Hospitals inundated with flu patients
Hospitals here and across the country are dealing with the pressure of a difficult flu season, as a less effective than usual flu vaccine has left some Americans unprotected.
Locally, hospitals are making accommodations for the influx of patients.
Hospitals in Chicago, such as Loyola University Medical Center, are instituting similar policies as they deal with more flu cases than they have in years.
Riverside Medical Center has temporarily restricted visitors age 17 and younger in an effort to prevent high-risk young people from contracting the virus. Anyone with flu-like symptoms, regardless of age, is asked to refrain from visiting
Similar to many other hospitals, Riverside Medical Center and associated clinics also require employees to be vaccinated or wear a mask. There are masks and even separate seating areas available for people coughing or sneezing.
“Unilaterally, everyone’s saying we’re seeing a spike starting around the holidays. The last week in December and throughout the month of January, we’ve been at peak or near-peak census constantly,” said Carl Maronich, Riverside’s director of marketing and public relations.
Iroquois Memorial Hospital in Watseka also is restricting young visitors, although that’s standard procedure for the hospital during heavy flu seasons. There was a slight increase in patients around the holidays that has since petered out.
“Since that time, I can tell you that our clinics and our ER have had some flu and flu-like activity. Nothing that has overwhelmed us by any means, but we see a little bit every day. We’ve had a few cases in, a few inpatients in with the flu but nothing overwhelming,” said LouWonna Snodgrass, RN, director of infection control and employee health at Iroquois Memorial.
“I think the simplest way to describe it is that flu is everywhere in the U.S. right now. There’s lots of flu in lots of places,” said Dr. Dan Jernigan, director of the Center for Disease Control’s influenza division, in an update Jan. 12.
There have been a total of 74,562 lab-confirmed cases of the flu this season, and that number only reflects those sick enough to go to a doctor. There isn’t a reliable death toll yet, but California alone reports 42 deaths so far. Across the country, 30 children have died as a result of the flu.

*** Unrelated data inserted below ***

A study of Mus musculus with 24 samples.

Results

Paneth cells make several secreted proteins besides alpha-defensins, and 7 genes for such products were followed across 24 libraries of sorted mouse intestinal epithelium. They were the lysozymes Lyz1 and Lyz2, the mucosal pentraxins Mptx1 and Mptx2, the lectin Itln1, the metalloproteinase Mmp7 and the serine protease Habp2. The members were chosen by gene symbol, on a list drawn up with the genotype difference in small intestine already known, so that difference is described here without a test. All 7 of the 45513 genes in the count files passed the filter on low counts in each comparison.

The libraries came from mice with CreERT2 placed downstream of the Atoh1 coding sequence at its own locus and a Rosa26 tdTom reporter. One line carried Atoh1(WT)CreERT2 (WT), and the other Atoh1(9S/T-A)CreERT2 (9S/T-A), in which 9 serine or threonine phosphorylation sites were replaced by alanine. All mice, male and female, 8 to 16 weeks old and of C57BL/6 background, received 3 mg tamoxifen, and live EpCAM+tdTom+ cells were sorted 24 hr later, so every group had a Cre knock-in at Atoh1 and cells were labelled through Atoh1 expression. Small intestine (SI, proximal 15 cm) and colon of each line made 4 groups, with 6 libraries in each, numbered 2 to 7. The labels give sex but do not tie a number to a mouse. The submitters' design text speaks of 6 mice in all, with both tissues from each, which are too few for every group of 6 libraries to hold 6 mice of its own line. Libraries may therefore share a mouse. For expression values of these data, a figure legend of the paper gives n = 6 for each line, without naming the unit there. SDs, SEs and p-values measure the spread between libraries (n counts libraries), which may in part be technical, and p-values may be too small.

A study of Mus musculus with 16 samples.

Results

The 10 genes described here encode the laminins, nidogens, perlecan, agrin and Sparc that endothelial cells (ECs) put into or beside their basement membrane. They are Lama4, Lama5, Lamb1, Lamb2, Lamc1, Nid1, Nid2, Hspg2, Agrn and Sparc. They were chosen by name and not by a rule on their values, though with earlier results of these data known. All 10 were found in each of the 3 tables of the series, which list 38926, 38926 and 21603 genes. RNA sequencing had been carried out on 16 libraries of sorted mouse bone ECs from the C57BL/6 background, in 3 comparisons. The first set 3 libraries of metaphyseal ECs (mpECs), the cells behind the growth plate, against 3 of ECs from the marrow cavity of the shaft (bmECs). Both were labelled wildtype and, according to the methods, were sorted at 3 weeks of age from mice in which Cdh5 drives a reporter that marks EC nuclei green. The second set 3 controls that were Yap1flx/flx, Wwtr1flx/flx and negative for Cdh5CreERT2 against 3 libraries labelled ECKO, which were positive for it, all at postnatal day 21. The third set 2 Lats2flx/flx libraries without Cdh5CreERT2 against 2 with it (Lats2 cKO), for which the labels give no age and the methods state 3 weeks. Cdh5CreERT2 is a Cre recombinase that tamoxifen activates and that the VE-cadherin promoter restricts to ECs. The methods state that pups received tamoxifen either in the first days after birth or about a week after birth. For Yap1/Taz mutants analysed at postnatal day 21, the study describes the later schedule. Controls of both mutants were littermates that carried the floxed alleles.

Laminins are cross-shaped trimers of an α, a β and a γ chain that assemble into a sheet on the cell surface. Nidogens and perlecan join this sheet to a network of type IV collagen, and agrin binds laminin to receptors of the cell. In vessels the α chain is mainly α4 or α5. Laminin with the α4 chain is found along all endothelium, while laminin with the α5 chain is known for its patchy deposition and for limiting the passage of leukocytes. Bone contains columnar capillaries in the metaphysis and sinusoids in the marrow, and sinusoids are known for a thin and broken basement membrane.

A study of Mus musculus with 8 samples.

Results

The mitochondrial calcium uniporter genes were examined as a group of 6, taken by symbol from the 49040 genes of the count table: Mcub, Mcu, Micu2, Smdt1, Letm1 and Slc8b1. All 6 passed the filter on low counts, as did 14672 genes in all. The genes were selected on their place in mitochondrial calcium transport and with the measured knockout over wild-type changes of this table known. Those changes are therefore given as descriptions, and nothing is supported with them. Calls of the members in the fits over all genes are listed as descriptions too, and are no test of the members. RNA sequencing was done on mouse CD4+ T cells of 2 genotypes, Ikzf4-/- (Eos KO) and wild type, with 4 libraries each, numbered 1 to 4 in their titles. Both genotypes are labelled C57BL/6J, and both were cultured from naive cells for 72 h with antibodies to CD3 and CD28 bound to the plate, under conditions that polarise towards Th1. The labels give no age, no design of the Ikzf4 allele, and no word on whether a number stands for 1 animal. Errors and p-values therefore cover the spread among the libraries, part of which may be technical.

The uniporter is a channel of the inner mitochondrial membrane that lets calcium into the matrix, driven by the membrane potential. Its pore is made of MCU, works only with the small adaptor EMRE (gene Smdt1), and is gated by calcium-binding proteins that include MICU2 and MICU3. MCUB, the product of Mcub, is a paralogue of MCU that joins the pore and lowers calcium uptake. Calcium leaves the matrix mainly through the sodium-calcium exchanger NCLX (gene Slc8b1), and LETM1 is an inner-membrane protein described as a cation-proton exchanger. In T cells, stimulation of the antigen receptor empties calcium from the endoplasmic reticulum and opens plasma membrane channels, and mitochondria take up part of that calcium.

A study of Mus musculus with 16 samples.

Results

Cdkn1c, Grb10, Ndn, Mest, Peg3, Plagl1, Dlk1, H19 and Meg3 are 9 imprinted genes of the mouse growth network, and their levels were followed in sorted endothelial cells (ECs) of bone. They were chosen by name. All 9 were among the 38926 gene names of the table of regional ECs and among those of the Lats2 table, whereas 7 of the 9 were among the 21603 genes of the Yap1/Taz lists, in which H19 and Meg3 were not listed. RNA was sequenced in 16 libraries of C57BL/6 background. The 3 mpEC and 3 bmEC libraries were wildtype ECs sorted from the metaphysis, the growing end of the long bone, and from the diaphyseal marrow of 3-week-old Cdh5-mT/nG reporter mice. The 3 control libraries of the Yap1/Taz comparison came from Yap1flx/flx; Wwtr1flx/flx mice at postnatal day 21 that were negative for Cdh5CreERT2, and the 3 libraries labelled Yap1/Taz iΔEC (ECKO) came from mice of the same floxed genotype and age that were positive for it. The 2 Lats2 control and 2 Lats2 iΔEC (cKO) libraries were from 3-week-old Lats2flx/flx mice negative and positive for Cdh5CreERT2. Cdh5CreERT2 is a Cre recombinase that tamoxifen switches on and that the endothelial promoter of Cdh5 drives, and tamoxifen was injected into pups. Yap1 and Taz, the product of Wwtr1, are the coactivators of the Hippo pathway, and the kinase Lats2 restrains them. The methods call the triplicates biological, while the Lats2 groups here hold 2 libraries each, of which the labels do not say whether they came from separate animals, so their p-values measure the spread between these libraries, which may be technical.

The latest report from the Illinois Department of Public Health confirms 175 flu patients were admitted to an intensive care unit the week ending Jan. 13, with a total of 830 having been admitted so far.
“The big thing is that if you are sick, you need to stay home,” said Dr. Brian Curtis, director of Physician Practice for OSF HealthCare Medical Group, in an interview with the Illinois News Network. “Don’t try and tough it out. Don’t go to work. Don’t send your kids to school.”
Curtis added that most of the people who’ve already gotten sick in Illinois are either very old or very young. He said the latest outbreak is among middle-aged folks, which can cause some of its own problems.
Nationally, the flu is hitting every hard in every state but Hawaii. In California, one of the states with the highest number of cases, some hospitals are treating patients in “surge tents,” medically equipped tents that hospitals use during natural disasters.
So why is the flu so bad this year? The CDC makes adjustments to the vaccine every year in anticipation of what strain of the virus will be most prevalent that year, and they don’t always get it right. This year’s vaccines — the CDC recommends the injection instead of the nasal spray — are around 30 percent effective this year.
“So far this season, influenza A, H3N2, has been the most common form of influenza. These viruses are often linked to more severe illness, especially among children and people age 65 and older. When H3 viruses are predominant, we tend to have a worse flu season with more hospitalizations and more deaths,” CDC Director Dr. Brenda Fitzgerald said. “While our surveillance systems show that nationally the flu season may be peaking now, we know from past experience that it will take many more weeks for flu activity to truly slow down.”
The flu season can last through April, so public health officials urge people who haven’t been vaccinated to get the shot, especially the elderly, children older than 6 months and pregnant women.